Amid the debate on how to teach our nation’s complicated history in schools, the Camp Hill School District has suspended its Equity Advocacy Council.

CAMP HILL, Pa. — Amid the debate on how to teach our nation’s complicated history in schools, the Camp Hill School District has suspended its Equity Advocacy Council.

The decision comes at a time when the entire nation is divided on many cultural issues. The topic of critical race theory (CRT) has exploded recently in the public arena, from classrooms to State Capitals.

Critical race theory is an academic concept first introduced in the late 1970s that, boiled down, argues that racism is a social construct and that it encompasses both individual biases and widespread, systemic policies that advantage some over others.

Camp Hill School District found itself squarely in the middle of the CRT debate when a prominent parent protested the district’s Equity Advocacy Council (EAC), founded in autumn 2020.

Marc Scaringi is an attorney with four children in the district. He has been an advocate for several Conservative causes on his radio talk show. As the founder of Scaringi Law, he represented Donald J. Trump for President, Inc. in legal challenges brought after the 2020 election in the United States Court for the Middle District of Pennsylvania and the Third Circuit Court of Appeals, and more recently intervened to defend a South Middleton School District teacher who voiced objections to teaching CRT.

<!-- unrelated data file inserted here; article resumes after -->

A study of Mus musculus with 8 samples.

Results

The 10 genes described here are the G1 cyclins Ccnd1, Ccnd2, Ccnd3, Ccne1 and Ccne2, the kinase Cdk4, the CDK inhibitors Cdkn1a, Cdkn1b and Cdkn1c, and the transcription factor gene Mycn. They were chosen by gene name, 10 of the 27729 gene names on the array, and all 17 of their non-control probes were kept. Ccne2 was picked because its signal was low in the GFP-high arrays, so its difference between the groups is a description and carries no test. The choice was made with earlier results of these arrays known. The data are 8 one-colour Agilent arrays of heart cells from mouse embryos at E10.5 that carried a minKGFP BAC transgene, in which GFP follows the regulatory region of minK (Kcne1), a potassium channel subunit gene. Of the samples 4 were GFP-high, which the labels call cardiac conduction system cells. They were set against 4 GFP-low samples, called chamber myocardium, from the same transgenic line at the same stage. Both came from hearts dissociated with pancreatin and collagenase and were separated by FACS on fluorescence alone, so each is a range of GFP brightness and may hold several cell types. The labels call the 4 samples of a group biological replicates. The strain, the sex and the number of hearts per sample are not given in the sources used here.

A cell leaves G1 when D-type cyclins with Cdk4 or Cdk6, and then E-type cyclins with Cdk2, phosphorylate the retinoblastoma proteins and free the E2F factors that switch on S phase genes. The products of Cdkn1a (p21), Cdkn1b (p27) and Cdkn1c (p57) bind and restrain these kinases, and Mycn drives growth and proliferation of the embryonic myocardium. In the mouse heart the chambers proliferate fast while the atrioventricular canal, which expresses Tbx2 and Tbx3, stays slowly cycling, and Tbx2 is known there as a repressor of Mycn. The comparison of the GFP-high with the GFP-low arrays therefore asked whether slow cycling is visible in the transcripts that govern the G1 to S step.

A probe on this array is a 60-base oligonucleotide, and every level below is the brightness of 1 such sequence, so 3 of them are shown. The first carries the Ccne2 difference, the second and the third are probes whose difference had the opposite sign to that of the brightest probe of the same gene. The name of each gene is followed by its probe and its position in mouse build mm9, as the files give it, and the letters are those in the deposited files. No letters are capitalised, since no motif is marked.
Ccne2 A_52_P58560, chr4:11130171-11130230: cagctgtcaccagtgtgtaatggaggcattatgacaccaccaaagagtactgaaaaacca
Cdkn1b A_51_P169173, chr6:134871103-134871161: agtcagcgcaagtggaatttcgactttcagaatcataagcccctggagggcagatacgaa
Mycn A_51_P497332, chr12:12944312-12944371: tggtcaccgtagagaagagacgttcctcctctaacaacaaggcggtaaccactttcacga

Scaringi said CRT advocates discriminating against White people in order to achieve equity.

“I don't want teachers in Camp Hill teaching my children about their alleged White privilege. I want the teachers of Camp Hill to teach my children reading, science and math,” he said.

Camp Hill SD Superintendent Daniel Serfass wrote in an online post that the district does not teach CRT, and that the EAC’s proposed Social Emotional Learning (SEL) program has no connection to CRT.

The superintendent’s announcement of the indefinite suspension of the EAC’s activities have led to charges from members of both political parties of the other politicizing education.

“It has nothing to do with education. It is pure political ideology and has no place in our public schools,” Scaringi said.

“Critical race theory is being used to advance other political goals,” said State Rep. Donna Bullock (D-Philadelphia).

The political debate continues, though, as Pennsylvania lawmakers introduced a bill to ban teaching “racist or sexist concepts” in schools.

Bill sponsors State Reps. Russ Diamond (R-Lebanon) and Barb Gleim (R-Cumberland) wrote in a statement that HR 1532 is “aimed at curtailing the divisive nature of concepts more commonly known as ‘critical race theory.’” The bill follows several other states in moving to ban CRT teaching.

Rep. Bullock said she supports teaching CRT concepts in schools but urged caution in regulating how teachers can discuss racism and other inequalities.

“There may be a place for us to do this as legislators, but we must be very careful that we are not imposing our political views in education as well,” Bullock said.

Scaringi said he will fight any reinstatement of Camp Hill SD’s EAC. His law firm has announced they have prepared a legal team to represent any teacher who refuses to teach CRT concepts.